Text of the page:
Warning on U.S. office real estate drags German bank’s shares lower

Shares of a German lender fell as much as 14% after a profit warning due to the struggling commercial real estate market in the U.S.

Deutsche Pfandbriefbank shares

slumped as the German lender late on Tuesday said it would increase its risk provisions due to “persistent weakness in the commercial real estate market.” It now sees pretax profits for the year between €90 million ($96 million) and €110 million, versus its guidance at the beginning of the year for a pretax profit between €170 million and €200 million. The bank, informally called PBB, also cancelled its special dividend.

In a presentation, Deutsche Pfandbriefbank said structural changes in locations and preferences were leading some tenants to avoid central business districts. “At time of origination, all U.S. office properties financed by PBB were in A-locations – now, ~5-10% are considered B-locations,” the bank said. However, it also said about 80% of the market correction is assumed to have happened. “Many ex-prime locations are likely to achieve prime status again in expected market recovery,” the bank said.

The property values of the non-performing loans it has have dropped 41% on average, the bank said, and even those of its performing loans fell 24%. At the end of September, 63% of its U.S. portfolio was in New York, with another 12% in Chicago, 8% in Washington and 5% in San Francisco.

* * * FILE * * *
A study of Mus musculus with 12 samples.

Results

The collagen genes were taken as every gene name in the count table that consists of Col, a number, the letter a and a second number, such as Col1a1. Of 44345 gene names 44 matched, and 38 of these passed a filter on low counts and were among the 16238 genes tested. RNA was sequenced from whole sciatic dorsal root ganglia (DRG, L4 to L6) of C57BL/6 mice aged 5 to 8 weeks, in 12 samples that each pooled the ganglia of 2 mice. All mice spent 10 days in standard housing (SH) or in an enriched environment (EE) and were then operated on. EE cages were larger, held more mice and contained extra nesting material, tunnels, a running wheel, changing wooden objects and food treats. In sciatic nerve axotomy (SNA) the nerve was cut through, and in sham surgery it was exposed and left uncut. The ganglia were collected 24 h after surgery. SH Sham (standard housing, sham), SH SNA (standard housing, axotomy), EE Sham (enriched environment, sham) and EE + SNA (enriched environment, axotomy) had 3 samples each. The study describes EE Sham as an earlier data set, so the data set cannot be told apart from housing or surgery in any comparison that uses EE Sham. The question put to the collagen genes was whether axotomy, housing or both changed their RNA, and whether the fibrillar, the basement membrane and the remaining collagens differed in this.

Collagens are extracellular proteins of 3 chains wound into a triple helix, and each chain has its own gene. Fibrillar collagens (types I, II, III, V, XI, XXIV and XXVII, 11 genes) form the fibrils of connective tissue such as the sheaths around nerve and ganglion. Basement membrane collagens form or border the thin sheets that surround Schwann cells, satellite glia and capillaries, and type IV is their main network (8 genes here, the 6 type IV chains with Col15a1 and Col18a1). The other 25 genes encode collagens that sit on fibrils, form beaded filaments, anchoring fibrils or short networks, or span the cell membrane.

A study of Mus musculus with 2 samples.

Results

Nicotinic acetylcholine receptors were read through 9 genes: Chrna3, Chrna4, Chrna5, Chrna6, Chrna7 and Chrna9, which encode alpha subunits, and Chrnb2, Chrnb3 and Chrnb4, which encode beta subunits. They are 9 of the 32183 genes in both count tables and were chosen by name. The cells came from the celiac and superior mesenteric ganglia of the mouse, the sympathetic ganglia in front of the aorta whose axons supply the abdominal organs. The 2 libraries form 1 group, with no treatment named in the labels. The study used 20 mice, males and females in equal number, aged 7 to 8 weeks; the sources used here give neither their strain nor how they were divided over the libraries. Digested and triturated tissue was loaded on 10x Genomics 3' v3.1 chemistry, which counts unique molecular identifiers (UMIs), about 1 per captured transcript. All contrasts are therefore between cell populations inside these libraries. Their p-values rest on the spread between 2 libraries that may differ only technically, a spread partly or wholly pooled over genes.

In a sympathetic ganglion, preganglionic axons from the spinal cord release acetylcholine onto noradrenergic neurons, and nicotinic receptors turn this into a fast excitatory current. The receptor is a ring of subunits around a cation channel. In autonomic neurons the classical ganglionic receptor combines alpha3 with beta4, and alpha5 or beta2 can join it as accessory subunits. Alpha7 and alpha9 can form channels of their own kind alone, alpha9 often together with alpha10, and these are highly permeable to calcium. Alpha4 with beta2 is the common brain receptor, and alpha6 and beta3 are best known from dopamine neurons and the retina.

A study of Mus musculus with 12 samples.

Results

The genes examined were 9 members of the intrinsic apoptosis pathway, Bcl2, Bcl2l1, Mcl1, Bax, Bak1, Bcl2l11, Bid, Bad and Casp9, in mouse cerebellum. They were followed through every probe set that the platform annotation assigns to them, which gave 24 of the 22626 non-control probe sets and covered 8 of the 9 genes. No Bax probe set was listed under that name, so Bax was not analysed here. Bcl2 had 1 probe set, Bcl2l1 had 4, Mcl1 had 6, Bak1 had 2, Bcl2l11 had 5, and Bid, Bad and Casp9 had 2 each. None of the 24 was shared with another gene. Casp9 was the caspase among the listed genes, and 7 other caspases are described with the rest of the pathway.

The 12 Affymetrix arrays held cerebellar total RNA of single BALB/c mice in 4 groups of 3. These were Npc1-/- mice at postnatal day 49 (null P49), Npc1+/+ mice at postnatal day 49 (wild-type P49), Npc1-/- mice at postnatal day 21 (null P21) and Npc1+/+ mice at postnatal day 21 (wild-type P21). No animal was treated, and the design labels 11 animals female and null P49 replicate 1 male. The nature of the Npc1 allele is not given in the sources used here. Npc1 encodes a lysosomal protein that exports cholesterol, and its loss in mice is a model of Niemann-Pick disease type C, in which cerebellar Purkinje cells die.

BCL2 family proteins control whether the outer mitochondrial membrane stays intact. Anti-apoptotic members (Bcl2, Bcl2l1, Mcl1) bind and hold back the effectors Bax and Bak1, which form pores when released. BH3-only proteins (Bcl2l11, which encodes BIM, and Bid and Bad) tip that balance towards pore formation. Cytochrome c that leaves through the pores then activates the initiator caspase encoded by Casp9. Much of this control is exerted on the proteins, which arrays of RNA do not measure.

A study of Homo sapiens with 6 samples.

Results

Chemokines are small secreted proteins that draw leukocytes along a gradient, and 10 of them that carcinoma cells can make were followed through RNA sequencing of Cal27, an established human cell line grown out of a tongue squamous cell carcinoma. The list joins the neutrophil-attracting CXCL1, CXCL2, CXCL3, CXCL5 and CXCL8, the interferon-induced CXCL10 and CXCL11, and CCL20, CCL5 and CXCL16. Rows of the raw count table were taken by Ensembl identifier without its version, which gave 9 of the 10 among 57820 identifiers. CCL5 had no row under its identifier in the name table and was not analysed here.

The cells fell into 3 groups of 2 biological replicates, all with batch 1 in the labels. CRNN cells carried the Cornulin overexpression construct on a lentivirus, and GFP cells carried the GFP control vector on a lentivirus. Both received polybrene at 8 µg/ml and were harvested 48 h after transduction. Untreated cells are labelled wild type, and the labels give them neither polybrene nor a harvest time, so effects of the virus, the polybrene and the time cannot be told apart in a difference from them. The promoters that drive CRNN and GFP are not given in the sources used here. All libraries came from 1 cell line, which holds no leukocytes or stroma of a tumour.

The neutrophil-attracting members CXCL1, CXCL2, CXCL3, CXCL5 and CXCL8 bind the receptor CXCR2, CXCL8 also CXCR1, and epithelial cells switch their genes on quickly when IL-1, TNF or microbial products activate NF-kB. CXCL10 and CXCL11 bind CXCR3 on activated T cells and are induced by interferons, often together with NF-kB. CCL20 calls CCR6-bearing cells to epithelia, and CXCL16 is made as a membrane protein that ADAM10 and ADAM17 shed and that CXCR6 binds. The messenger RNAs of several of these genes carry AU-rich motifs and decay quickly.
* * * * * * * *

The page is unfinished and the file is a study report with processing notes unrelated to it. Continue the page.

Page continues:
PBB wasn’t the only bank struggling — ABN Amro shares
slumped 10% as the Dutch lender said its net interest income rose a weaker-than-forecast 20% due in part to a deposit migration to higher-yielding products. Its net interest income of €1.53 billion lagged the Visible Alpha-compiled consensus of €1.61 billion.

The broader European stock market moves were muted, with a small rise for the French CAC 40
and small losses for the U.K. FTSE 100
and the German DAX

Other movers of note: Ahold Delhaize shares

slumped 7% as the owner of Stop & Shop reported a weaker-than-forecast third-quarter profit.

Marks & Spencer shares

rallied 11% as the U.K. retailer resumed dividends — albeit to just 1 pence a share — after its first half adjusted pretax profit rose 75%.

ITV shares

lost 5% as largest U.K. commercial television broadcaster said its total advertising revenue for the year is expected to fall by 8%, compared to the 6.5% decline expected by analysts.